Aren't these 2 words interchangeable?
The example in my textbook is:
* She was crying, for her mother was seriously ill.
and it is under the heading of "coordinating clause".
Two more examples from a website:
* John thought he had a good chance to get the job, for his father was on the company's board of trustees.
* Most of the visitors were happy just sitting around in the shade, for it had been a long, dusty journey on the train.
In all three cases the conjunction 'for' is a coordinating conjunction.
But even if we change 'for' into 'because', the meaning doesn't change, does it? Yet 'because' is a subordinate conjunction! I'm clueless!
I share your puzzlement. It seems illogical.
Perhaps someone else can explain how this came about?
The distinction between the two, 'for' and 'because', is just about lost to native speakers.
For your sentence:
1. She was crying, for her mother was seriously ill.
2. She was crying because her mother was seriously ill.
The use of 'because' introduces the subordinate clause that gives the reason she was crying.
In contrast, 'for' is used as a coordinating conjunction to stress that both pieces of information are of equal importance:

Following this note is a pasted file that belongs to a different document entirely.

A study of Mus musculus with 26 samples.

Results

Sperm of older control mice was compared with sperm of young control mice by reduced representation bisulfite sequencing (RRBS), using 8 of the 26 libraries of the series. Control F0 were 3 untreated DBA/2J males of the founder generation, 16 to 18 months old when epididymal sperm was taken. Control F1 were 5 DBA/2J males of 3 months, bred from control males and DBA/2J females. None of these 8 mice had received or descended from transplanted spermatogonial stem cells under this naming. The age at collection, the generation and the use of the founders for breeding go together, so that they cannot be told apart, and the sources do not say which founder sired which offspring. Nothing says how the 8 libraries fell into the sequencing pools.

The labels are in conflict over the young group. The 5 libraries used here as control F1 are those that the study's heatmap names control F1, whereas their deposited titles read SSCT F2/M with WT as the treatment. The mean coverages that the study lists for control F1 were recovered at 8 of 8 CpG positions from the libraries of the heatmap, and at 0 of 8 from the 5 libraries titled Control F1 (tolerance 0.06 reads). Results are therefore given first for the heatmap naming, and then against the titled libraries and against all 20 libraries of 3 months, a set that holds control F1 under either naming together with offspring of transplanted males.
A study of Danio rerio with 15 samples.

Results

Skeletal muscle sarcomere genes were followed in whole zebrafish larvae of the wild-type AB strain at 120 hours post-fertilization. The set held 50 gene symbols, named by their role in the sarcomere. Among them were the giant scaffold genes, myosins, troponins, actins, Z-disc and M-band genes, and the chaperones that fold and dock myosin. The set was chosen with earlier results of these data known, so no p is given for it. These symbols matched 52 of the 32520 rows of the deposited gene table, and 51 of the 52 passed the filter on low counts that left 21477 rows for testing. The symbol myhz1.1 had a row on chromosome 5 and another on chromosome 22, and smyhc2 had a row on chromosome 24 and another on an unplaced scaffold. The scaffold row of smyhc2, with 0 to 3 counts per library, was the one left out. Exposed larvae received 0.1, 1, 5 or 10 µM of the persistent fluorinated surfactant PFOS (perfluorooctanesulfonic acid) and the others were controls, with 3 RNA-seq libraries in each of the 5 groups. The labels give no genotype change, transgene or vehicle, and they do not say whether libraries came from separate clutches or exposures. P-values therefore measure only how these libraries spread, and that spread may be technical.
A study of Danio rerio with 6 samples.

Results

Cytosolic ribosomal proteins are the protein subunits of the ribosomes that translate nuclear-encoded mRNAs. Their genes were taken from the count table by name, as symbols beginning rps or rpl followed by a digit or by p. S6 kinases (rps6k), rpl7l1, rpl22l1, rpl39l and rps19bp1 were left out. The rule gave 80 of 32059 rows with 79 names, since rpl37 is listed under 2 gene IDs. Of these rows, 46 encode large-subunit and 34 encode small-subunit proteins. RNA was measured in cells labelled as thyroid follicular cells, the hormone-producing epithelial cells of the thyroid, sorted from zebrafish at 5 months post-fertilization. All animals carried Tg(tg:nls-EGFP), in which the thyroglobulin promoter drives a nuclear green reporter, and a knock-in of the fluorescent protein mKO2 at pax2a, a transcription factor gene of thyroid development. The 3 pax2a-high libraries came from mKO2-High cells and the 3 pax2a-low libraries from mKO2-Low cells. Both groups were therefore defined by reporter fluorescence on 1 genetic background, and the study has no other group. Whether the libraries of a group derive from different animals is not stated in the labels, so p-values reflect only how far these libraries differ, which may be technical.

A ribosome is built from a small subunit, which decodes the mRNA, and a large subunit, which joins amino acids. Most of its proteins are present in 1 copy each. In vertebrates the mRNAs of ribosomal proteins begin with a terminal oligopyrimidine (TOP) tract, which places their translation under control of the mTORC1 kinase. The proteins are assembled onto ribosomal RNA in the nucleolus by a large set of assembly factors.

'she was crying' ' and 'the mother was seriously ill'. In (2), the 'because' version, it is 'she was crying' which is stressed, of major importance, and the reason why is then added on.
"I trust him, for he is an honourable man." stresses that 'I trust him" and separately, quite apart from whether I happen to trust him or not, 'this is an honourable man.'
To say, "I trust him because he is an honourable man" indicates that 'I trust him" and the 'because' clause is subordinate to that, merely explaining the basis for my 'trust'.
Can you see this difference in the following two sentences:
I like him, because he's a nice person.
I like him, for he is a likeable person.
In the second version, the stress is not just on 'I/me,me,me' but gives the 'likeable person' equal importance; that a lot of other people like this 'likeable' person quite apart from me and my opinion of him.
Rest assured, Federerexpress. Very few native speakers would use 'for' as a conjunction in colloquial speech, or when writing. You would be most likely to come across it in classical English literature. 'because' has taken the day and would now be used.
Just remembered! You would know as well as I how often or not you hear this in everyday conversation - you've lived in Australia 20+ years.
Last edited by David L.; 18-Oct-2008 at 11:58.
David L. to the rescue! Thanks for that, I understand the difference now. You saved me from the embarrassment of claiming to have found a flaw in English grammar!